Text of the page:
Authors

  • T. Alex Perkins,

    Corresponding author
    • Center for Population Biology, University of California, Davis, CA, USA

    1. Centre for Tropical Biodiversity and Climate Change, School of Marine and Tropical Biology, James Cook University, Townsville, Qld, Australia

    1. Center for Population Biology, University of California, Davis, CA, USA
    2. Department of Environmental Science and Policy, University of California, Davis, CA, USA

    1. Center for Population Biology, University of California, Davis, CA, USA
    2. Department of Environmental Science and Policy, University of California, Davis, CA, USA

Abstract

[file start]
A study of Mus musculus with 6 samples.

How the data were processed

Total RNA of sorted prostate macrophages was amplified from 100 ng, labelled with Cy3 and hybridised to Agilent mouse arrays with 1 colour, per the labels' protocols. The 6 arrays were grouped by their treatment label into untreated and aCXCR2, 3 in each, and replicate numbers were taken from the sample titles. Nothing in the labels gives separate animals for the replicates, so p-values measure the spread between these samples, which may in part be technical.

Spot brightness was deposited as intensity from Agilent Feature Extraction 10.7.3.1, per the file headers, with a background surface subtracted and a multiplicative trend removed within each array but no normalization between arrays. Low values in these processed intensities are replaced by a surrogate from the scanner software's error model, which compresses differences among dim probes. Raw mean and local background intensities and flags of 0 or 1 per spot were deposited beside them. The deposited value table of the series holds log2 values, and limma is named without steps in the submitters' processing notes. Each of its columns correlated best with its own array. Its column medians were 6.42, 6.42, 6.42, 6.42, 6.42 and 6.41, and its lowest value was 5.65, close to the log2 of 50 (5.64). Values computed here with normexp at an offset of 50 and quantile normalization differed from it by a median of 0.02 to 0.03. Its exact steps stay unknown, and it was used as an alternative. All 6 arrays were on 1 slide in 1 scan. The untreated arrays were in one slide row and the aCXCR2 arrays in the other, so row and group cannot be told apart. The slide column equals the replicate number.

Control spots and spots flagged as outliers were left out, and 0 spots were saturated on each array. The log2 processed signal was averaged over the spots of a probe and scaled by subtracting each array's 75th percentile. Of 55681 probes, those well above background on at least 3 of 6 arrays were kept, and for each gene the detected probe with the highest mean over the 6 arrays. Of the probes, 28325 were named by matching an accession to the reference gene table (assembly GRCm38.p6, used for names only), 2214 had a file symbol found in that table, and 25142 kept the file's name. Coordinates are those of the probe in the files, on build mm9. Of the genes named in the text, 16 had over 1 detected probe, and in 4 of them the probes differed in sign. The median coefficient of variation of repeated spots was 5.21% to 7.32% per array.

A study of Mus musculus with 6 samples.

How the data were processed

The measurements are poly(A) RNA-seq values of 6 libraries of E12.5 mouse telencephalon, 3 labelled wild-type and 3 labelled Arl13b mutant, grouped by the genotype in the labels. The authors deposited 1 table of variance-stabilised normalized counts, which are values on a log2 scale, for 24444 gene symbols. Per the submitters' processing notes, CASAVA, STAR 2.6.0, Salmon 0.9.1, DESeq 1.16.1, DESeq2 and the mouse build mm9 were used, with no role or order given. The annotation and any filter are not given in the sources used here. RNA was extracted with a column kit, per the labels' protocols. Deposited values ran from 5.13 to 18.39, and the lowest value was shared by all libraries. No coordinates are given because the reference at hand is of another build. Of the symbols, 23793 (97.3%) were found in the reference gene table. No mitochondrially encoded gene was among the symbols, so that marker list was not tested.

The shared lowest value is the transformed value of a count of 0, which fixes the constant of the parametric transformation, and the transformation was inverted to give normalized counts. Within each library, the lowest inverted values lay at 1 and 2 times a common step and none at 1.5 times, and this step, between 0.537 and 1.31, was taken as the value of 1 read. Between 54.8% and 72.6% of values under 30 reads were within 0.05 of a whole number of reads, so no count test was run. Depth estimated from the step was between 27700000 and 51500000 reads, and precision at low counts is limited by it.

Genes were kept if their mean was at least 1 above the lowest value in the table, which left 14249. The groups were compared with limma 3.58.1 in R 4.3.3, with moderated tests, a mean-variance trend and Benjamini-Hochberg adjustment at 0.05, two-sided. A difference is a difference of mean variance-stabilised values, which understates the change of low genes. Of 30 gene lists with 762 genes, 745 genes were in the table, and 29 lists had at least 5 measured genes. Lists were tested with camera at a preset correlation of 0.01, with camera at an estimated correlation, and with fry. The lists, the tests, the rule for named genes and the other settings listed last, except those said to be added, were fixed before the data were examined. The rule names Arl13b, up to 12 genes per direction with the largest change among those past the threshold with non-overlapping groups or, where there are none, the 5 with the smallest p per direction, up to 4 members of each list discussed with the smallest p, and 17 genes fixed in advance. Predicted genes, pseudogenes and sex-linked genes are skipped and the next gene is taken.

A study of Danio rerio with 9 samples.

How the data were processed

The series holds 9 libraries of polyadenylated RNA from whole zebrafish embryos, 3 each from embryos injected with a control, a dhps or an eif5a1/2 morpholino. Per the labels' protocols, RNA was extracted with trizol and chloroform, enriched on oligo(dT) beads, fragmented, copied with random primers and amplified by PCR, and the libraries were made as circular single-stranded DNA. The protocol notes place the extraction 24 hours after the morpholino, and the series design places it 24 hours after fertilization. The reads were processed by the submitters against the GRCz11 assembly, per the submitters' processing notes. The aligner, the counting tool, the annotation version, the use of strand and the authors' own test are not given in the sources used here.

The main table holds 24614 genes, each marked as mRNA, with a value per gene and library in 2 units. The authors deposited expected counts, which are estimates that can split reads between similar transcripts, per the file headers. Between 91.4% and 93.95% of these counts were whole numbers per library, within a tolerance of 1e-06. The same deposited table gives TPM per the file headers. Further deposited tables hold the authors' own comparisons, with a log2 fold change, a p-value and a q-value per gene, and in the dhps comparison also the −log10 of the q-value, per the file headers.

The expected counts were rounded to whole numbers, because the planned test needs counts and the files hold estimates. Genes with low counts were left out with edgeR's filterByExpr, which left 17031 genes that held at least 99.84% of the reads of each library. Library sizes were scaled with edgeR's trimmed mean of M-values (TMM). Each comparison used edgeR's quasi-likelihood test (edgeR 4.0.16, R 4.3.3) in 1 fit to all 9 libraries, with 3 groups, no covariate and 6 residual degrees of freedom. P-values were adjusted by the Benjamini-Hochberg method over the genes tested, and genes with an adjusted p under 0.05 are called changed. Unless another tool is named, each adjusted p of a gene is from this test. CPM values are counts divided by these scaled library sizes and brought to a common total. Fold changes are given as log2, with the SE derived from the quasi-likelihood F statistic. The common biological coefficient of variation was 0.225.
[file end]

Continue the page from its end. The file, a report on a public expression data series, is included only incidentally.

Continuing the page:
Populations on the edge of an expanding range are subject to unique evolutionary pressures acting on their life-history and dispersal traits. Empirical evidence and theory suggest that traits there can evolve rapidly enough to interact with ecological dynamics, potentially giving rise to accelerating spread. Nevertheless, which of several evolutionary mechanisms drive this interaction between evolution and spread remains an open question. We propose an integrated theoretical framework for partitioning the contributions of different evolutionary mechanisms to accelerating spread, and we apply this model to invasive cane toads in northern Australia. In doing so, we identify a previously unrecognised evolutionary process that involves an interaction between life-history and dispersal evolution during range shift. In roughly equal parts, life-history evolution, dispersal evolution and their interaction led to a doubling of distance spread by cane toads in our model, highlighting the potential importance of multiple evolutionary processes in the dynamics of range expansion.